Planning for regional growth

Updated 9 June 2009 4:11pm
Water Supply - Te Marua lakes

As part of the process of maintaining an adequate water supply for Hutt, Porirua, Upper Hutt and Wellington city councils, Greater Wellington is moving to develop several short-term water storage and supply projects, and a regional water strategy with a longer-term focus. The measures we are proposing are set out in the Bulk Water Supply Development Strategy paper. For detailed information, read the Wellington Metropolitan Water Supply Development report.

Questions and answers about our development proposals are set out below.

Why do we need to make decisions now?

Our aim is to have a water supply system that results in a very low risk of water shortage (less than a two percent annual probability). As recently as 2000, modelling of water use showed our system would achieve this standard for up to 377,000 people; a level of population not then forecast as likely until at least 2020.

However, since 2001 and particularly following the 2006 Census, Statistics NZ has increased its population projections for the Wellington region. Higher than expected growth has seen the latest estimate of urban population in the four cities reach 379,100.

Also, in 2007, NIWA supplied us with updated climate data for our water use model, which reduced the maximum supply population for the existing system (and water shortage risk standard) to 368,000 people. As a result, the annual risk of a water shortage for our current supply population is now almost three percent, and will increase gradually over the coming years unless we act. These developments have brought forward the region’s need to plan for provision of more water and more efficient ways of using it.

How will the short-term options affect ratepayers?

Increasing the water take from Kaitoke Weir, building a new reservoir in Wellington (in conjunction with Wellington City Council and Capital & Coast District Health Board) and raising the Te Marua lakes’ levels have already been budgeted in Greater Wellington's annual plan so will have no significant additional rates impact.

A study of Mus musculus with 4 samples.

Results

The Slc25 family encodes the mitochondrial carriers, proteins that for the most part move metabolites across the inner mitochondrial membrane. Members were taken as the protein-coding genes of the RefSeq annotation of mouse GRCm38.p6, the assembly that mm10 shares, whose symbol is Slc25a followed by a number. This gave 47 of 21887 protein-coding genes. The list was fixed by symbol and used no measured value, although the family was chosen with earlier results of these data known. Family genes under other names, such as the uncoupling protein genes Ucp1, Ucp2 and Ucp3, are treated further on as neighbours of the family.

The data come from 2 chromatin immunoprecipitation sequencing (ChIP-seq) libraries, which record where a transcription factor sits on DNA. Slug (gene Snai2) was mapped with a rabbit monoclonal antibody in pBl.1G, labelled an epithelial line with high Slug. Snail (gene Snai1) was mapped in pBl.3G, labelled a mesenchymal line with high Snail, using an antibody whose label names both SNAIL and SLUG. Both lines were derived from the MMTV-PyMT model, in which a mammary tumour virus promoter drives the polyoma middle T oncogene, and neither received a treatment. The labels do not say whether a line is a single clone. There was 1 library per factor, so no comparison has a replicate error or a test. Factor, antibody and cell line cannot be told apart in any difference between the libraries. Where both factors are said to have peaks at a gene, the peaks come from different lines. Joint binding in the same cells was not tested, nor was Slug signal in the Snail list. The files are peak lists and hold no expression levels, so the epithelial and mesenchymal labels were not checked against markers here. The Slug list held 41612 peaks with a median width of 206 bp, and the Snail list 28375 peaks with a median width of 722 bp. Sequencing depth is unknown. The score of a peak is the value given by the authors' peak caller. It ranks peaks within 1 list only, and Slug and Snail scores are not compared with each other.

Developing the Upper Hutt Aquifer has been estimated at $15-19 million.

Why are we considering building a dam?

Although our current focus is on short-term requirements and developing a regional water strategy, we still need to plan for how to meet our water supply commitment to the region's cities in the long term.

If the short-term measures are implemented and we reduce demand for water by 15 percent, an additional water source is still forecast to be required when the population reaches 460,000. Based on the latest population projections, that’s likely for 2040. However, if one or more short-term options are unavailable, or per-capita water savings are not achieved, the need for more storage to retain a low risk of shortages will come sooner.

How much will a new dam cost?

Our preferred dam site is on the Whakatikei River in the Akatarawa Forest. The 2007 estimated cost for a dam and the associated water treatment plant is $142 million.

Have we considered other sites?

We’ve also investigated Skull Gully in the Wainuiomata Catchment Area, and Pakuratahi Forest. Multi-criteria analysis was used to assess the three sites on a range of attributes. The Whakatikei site has considerable advantages over the other two sites:

  • It’s located on the western side of the Wellington Fault, making distribution pipelines to Porirua and Wellington much less vulnerable to a fault movement
  • The dam capacity could be increased by 50% at a relatively low cost
  • The dam could potentially be supplied from the Akatarawa River in the future
  • There is greater likelihood of getting a resource consent to build the dam on this site
  • It’s closer to areas of projected population growth in the western side of the region.

Why don’t we build the dam now?

By introducing the short-term options, particularly the development of the Upper Hutt Aquifer, we can delay the need for a dam by possibly 18 years. The short-term measures carry a much lower capital cost. This approach also means that if population growth is less than our planning projections or water savings more in the intervening years, we can continue to defer the development of a dam.

Will conserving water help?

Reducing demand for water 'per person' (by methods such as increased use of water-efficient appliances and fittings or household water metering and associated conservation education) at a rate equivalent to population growth would help to defer the need to build a new dam.

We will be working with the region's city and district councils over the next year to develop a regional water strategy proposal, including elements of water demand management, for public consultation. However, our projections show that continued population growth will eventually outstrip acceptable water saving measures, requiring a dam to be built.

When will I have my say?

Greater Wellington will be talking to the four city councils in 2008 about the short-term supply options. We’ll be asking the public to have their say on these options and the Council's preference for the Whakatikei River dam site through the Long Term Council Community Plan consultation period in March-May 2009.

As part of the development of a regional water strategy, we will be working in close consultation with the region's territorial authorities. The public will be asked to have their say on water management options at an appropriate stage of the development process.